In Australia we have experienced devastating extreme weather events which have changed what we consider ‘normal’ weather patterns. We are no longer comfortable, we wonder how we will adapt to rising sea levels and we question the permanence of our built environment. As our uncertainty grows, we move closer to the age of unsettlement.
If you had to be on the move, what would you take with you?
trans-form-it is a response to challenges of urbanisation which affect us today such as reduced living spaces and increased mobility, and it encourages a dialogue which questions our current expectations of furniture as functionally and aesthetically determinate. Overall I wanted the collection to communicate the need for our material culture to be directed towards sustainable futures. It is one of high design, low technology, minimal (and local) resource use and localised production. Each furniture piece or set is completely contained within its own structure for protection during transport and storage, and is assembled and disassembled without the use of tools. As the piece itself acts as a storage vessel there is no wastage or storage of packaging materials needed.
The materials have been carefully considered. This Australian version complements Queensland’s (north-east Australian) sub-tropical architecture, and is made from sustainably grown Queensland plantation hoop pine and hoop pine plywood. The surface finish is a waterbased stain, and the removable upholstery is in 100% Eco Wool. The intent of trans-form-it is for it to be manufactured locally using local materials, where-ever that may be! This way ensures the lowest possible embedded energy in the materials and more importantly promotes cultural relevance and local economies. Each piece can be readily disassembled for recycling of the timber and plywood, and the small hinges and components can be re-used. The trans-form-it collection includes re-packable furniture for study, living and dining rooms.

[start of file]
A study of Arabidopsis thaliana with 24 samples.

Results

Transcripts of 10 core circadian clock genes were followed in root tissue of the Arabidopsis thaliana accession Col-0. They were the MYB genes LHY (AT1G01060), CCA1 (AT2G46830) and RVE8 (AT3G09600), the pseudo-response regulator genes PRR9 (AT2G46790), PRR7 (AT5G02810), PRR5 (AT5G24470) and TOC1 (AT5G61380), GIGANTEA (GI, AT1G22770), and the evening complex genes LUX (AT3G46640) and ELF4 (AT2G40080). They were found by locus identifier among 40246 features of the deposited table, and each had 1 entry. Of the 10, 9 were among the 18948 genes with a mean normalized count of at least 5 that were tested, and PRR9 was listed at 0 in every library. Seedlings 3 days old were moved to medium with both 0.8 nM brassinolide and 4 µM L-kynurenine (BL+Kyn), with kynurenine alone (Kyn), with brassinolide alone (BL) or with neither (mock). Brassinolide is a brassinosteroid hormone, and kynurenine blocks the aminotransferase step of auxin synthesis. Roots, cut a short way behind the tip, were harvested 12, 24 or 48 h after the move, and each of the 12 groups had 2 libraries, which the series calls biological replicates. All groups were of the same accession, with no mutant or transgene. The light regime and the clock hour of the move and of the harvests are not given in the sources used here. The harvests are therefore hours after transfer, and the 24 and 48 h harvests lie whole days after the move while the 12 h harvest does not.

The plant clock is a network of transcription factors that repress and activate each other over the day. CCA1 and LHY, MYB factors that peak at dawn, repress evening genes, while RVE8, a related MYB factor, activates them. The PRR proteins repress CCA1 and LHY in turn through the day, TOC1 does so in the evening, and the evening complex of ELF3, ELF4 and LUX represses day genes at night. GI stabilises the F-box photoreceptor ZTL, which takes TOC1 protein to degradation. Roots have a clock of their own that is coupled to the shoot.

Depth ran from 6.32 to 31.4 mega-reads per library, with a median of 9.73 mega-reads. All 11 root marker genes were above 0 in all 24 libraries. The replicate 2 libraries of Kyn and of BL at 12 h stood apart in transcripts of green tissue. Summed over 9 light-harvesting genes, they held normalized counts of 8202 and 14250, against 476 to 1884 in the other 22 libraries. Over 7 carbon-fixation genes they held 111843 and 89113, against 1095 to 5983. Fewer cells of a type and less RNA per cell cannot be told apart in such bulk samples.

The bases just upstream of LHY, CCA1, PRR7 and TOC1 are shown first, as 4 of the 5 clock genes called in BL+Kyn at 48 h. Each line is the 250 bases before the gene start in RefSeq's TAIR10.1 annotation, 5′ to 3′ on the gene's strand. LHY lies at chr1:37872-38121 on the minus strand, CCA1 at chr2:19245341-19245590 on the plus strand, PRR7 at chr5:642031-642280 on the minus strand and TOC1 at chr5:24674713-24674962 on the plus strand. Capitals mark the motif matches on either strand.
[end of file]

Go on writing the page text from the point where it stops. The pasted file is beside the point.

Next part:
While trans-form-it is an imagining of a future with a sustainable material culture, it also shows that, in the mean time, we do not need to forgo comfort, aesthetics or functionality in considering sustainable long term consumer purchases.
I embarked on the development of this new furniture concept as the first step in the project of platforming for Deka. Platforming is a strategy of redirective practice concerned with developing a new direction for the company whilst maintaining the current business structures. In this case I wanted to introduce a new furniture concept which effectively communicated the need for designing more sustainable ways of living. It was to be a concept incorporating local materials and local manufacture and it was to appeal primarily to a mobile demographic.
From a business perspective, the development of this platform allowed Deka to maintain its high quality residential and commercial furniture production whilst branching off into a more conceptual trial of a new design direction.
The trans-form-it collection was designed from prototype to production in collaboration with Lasse and Helena at Deka Design.